2/5/2008

Henry Bekkering Feature by the Canadian Press

Filed under: — Matt Skinn @ 1:46 pm

By Lori Ewing

TORONTO – Dan Vanhooren says there’s at least one moment in every practice when Henry Bekkering does something so athletically outrageous, the coach can only shake his head in amazement.

“Any take to the rim that he has, he has so much power,” says Vanhooren, head coach of the University of Calgary Dinos.

Bekkering became a hoops folk hero in 2002 when footage of a high-school dunk contest was posted on the Internet. The high-flying basketball player
from Taber, Alta., hangs from the rim by the crook of his elbow, borrowing from Vince Carter’s winning performance in the 2000 NBA dunk contest. He
soars to the hoop from the top of the key. He leaps over his point guard.

Vanhooren recalls a dunk at a recent Dinos practice: “I threw an alley-oop to him from centre court. Henry goes up from the weak side of the floor and
I throw it . . . it’s a horrible pass, like it’s horrible. Nobody on this planet should have got it. But he catches it and reverses it over top of some of our six-foot-eight posts.

“That’s an NBA thing.”

To look at the video footage – which now numbers over a million views – the future looked bright for Bekkering. His eye-popping athleticism would make
any NCAA coach salivate. His ticket, it seemed, was his for the writing.

But it didn’t turn out that way. A wrong turn took Bekkering to Eastern Washington University, where he wilted at the end of the bench for two seasons. His confidence disappeared.

But Bekkering’s found a fresh start. He’s back in Alberta, playing alongside his younger brother Ross, and leading the University of Calgary Dinos to
what could be their best season in decades.

“I just wasn’t enjoying it down in the States,” Bekkering says. “It was a chore to an extent. Now I’m playing how I want to play, how I envisioned
myself playing. I’m happy where I am in Calgary.”

The six-foot-six forward is averaging 21 points and 6.5 rebounds a night for the third-ranked Dinos, who capped their perfect 12-0 home record with a
pair of wins last weekend against Manitoba and Winnipeg.

The Dinos (17-3) wrap up the regular season with a pair of games at Saskatchewan this weekend. They have a bye through the first round of the
playoffs before hosting the winner of the Alberta-Saskatchewan semifinal in a best-of-three Central Division final.

Bekkering’s three highlight-reel dunks Saturday against Winnipeg brought the crowd to its feet at the U of C’s Jack Simpson Gym.

But the Dino player was hesitant to leave his feet when he first arrived home from Cheney, Wash. His web fame painted him as a one-dimensional
player; he was keen to show off the other facets of his game.

One online video shows Bekkering leaping over a group of children en route to the rim. He was even featured on the Best Damn Sports Show Period in
2004. The show counted down the Top 50 dunks of all-time – Bekkering was No. 39.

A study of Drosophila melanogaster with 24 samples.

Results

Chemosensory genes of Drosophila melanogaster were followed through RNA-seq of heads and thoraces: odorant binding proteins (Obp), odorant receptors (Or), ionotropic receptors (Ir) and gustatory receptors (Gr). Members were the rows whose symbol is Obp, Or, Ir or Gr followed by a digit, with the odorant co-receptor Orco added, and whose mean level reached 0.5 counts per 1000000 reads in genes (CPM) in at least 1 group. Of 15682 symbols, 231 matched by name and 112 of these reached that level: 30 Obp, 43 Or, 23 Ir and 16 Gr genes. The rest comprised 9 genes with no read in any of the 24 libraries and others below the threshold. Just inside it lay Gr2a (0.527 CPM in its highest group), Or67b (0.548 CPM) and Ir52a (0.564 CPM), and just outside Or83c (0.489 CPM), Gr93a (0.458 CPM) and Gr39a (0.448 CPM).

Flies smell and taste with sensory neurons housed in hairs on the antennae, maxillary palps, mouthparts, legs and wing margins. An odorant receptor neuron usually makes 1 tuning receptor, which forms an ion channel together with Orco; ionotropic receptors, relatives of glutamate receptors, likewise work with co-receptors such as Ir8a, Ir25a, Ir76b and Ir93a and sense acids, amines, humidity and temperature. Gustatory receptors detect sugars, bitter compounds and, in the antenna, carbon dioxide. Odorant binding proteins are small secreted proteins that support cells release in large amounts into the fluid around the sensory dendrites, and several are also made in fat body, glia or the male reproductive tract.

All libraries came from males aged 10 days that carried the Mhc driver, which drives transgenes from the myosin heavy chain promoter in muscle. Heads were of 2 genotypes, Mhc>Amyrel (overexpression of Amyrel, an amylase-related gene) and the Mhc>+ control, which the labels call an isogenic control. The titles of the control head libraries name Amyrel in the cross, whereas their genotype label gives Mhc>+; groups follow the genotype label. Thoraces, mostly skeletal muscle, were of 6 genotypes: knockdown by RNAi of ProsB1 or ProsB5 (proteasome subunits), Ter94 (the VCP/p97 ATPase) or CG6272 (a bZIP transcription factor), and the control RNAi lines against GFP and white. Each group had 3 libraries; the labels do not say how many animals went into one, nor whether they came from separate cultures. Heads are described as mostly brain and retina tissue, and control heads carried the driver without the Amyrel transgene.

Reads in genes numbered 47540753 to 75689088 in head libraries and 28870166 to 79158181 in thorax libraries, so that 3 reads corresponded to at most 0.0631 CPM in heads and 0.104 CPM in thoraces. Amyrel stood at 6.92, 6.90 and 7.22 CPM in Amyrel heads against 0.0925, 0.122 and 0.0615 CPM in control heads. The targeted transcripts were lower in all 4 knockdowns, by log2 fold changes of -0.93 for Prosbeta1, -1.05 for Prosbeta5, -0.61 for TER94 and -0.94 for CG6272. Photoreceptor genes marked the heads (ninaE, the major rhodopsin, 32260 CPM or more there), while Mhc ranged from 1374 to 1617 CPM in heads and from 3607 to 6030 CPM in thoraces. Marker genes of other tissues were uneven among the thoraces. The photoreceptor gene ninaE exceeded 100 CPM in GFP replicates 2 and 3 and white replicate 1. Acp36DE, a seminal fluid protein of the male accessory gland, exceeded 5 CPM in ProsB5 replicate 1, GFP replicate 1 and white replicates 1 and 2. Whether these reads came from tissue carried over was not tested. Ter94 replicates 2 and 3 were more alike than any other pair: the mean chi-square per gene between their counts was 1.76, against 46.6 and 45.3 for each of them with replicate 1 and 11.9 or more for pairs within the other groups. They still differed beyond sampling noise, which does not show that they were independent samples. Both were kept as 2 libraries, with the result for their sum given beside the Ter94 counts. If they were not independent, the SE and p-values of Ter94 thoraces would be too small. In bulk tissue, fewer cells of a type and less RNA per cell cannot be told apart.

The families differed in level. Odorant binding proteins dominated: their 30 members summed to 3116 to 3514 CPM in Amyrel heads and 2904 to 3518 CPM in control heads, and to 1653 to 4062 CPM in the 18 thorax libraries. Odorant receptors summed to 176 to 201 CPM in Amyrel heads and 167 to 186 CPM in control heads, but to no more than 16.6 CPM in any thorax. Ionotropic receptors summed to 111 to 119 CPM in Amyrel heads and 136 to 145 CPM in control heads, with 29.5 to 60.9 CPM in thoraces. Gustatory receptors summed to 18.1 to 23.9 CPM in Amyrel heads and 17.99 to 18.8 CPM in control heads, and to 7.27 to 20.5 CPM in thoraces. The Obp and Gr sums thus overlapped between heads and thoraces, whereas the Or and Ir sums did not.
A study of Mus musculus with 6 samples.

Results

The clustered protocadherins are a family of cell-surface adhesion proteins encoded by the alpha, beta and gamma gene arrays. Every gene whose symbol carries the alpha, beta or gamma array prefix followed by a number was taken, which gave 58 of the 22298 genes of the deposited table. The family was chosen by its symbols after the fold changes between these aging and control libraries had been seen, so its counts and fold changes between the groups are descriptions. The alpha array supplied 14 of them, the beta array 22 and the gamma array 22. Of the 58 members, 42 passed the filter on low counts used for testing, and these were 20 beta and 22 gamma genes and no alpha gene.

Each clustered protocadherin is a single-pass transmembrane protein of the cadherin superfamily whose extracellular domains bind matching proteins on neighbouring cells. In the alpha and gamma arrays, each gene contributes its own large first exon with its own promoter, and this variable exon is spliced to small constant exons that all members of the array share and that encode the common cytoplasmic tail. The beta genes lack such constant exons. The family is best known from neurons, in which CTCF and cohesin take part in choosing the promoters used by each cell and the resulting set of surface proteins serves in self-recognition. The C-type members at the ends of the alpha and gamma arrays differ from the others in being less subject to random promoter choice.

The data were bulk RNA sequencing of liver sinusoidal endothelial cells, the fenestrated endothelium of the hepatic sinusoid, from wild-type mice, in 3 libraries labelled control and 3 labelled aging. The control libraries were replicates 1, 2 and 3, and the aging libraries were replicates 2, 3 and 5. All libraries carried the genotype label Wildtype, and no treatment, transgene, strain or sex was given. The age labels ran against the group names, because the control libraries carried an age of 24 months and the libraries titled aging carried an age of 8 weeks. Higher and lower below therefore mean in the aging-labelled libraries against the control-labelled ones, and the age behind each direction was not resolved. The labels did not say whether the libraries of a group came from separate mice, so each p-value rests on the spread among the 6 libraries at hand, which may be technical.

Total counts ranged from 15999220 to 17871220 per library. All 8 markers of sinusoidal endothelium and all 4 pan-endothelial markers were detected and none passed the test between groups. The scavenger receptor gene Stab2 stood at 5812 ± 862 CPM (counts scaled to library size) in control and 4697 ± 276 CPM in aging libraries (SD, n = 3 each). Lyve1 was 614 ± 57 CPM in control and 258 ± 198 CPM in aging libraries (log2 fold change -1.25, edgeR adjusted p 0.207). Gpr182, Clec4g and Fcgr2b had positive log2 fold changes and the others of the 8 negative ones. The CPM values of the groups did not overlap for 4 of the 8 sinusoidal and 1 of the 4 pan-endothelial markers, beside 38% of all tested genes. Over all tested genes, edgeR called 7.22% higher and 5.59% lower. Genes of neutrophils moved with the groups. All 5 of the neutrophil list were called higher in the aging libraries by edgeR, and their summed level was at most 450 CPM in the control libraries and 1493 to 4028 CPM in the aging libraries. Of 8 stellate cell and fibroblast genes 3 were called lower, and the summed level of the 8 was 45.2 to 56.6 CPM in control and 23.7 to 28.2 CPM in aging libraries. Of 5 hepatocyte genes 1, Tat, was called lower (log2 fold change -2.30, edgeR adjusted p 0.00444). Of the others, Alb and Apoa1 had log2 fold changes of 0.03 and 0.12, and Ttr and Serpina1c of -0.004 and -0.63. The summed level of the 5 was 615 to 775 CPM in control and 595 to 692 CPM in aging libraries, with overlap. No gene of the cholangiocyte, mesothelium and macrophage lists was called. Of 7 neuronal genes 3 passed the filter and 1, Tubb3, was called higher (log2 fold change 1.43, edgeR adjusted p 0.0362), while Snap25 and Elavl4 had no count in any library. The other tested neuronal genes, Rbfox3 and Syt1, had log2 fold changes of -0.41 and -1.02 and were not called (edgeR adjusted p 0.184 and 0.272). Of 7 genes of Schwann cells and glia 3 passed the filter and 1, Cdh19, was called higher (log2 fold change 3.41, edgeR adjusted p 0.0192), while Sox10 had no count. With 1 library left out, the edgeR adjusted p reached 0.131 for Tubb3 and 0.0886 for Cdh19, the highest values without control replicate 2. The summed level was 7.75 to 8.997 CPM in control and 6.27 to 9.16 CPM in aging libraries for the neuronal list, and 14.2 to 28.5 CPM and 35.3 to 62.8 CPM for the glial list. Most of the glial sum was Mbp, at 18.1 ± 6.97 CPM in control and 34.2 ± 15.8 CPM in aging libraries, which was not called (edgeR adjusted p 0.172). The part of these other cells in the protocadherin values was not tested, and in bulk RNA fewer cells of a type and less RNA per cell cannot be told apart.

“When he started playing for us this year, he wouldn’t even dunk in warmup because he didn’t want people to think of him only as a dunker,” Vanhooren
says. “He’s a great athlete and he provides a heck of a lot more than just that, and that’s the part that I think he’d like people to notice sometimes
but doesn’t get noticed.

“I’ve had to have chats with him about just being who he is and embracing that. I think he’s going to have to grow into that a little bit.”

Bekkering scored 39 points in a game last month against Lethbridge, the best single-game performance by a Dino in nearly 11 years. His scoring that night came on a wide array of shots, as he poured in points on layups, three-pointers and free throws.

But when the Dinos need a big play to boost momentum, he’ll respond with a rim-rattling dunk.

“It helps get our team pumped up,” he said. “But it’s not the be-all and end-all, it’s not like I score 20 points off 10 dunks. But it definitely
helps our team with a momentum boost, or heps turn our game around.

“It’s a bit of an intimidation factor too.”

So impressive is Bekkering’s athletic ability that the Calgary Stampeders took him in the fifth round (35th overall) in the 2007 CFL draft.

“Henry Bekkering is as talented an athlete as has probably ever played in this league,” Stamps GM Jim Barker said at the time. “He’s a guy we
believe is better athletically than anyone in the CFL.”

“He’s already one of the fastest, biggest slotbacks – if he’s going to play – in the CFL, and he hasn’t even played,” Vanhooren says.

But basketball is in Bekkering’s blood. Growing up in the hoops hotbed of southern Alberta, his W.R. Meyers high school – with 350 students – dispatched Calgary’s Lester B. Pearson (1,500 students) in the 4A provincial championships when he was in Grade 11.

Bekkering is the fourth in his family to play for the Dinos. His older sisters Anna and Cory both played for the U of C. His younger sister Janelle
plays for NCAA Division 1 basketball at Gonzaga.

His father Simon could still dunk when he was 50.

“I think that was the last time he did,” Bekkering said, laughing.

While he’s not sure of his plans for the future, he has Dutch citizenship so playing pro in Europe could be in the cards. He’d also like a shot at playing for the national team.

As for the Dinos, Vanhooren is optimistic the team could go all the way to the CIS final this year. In 2004, the team went 15-5 in conference play and
won the Canada West conference. They lost to Carleton by two points in the national semifinals, and Carleton went on to win the CIS title.

“It definitely is one of the best teams ever here by far,” Vanhooren says.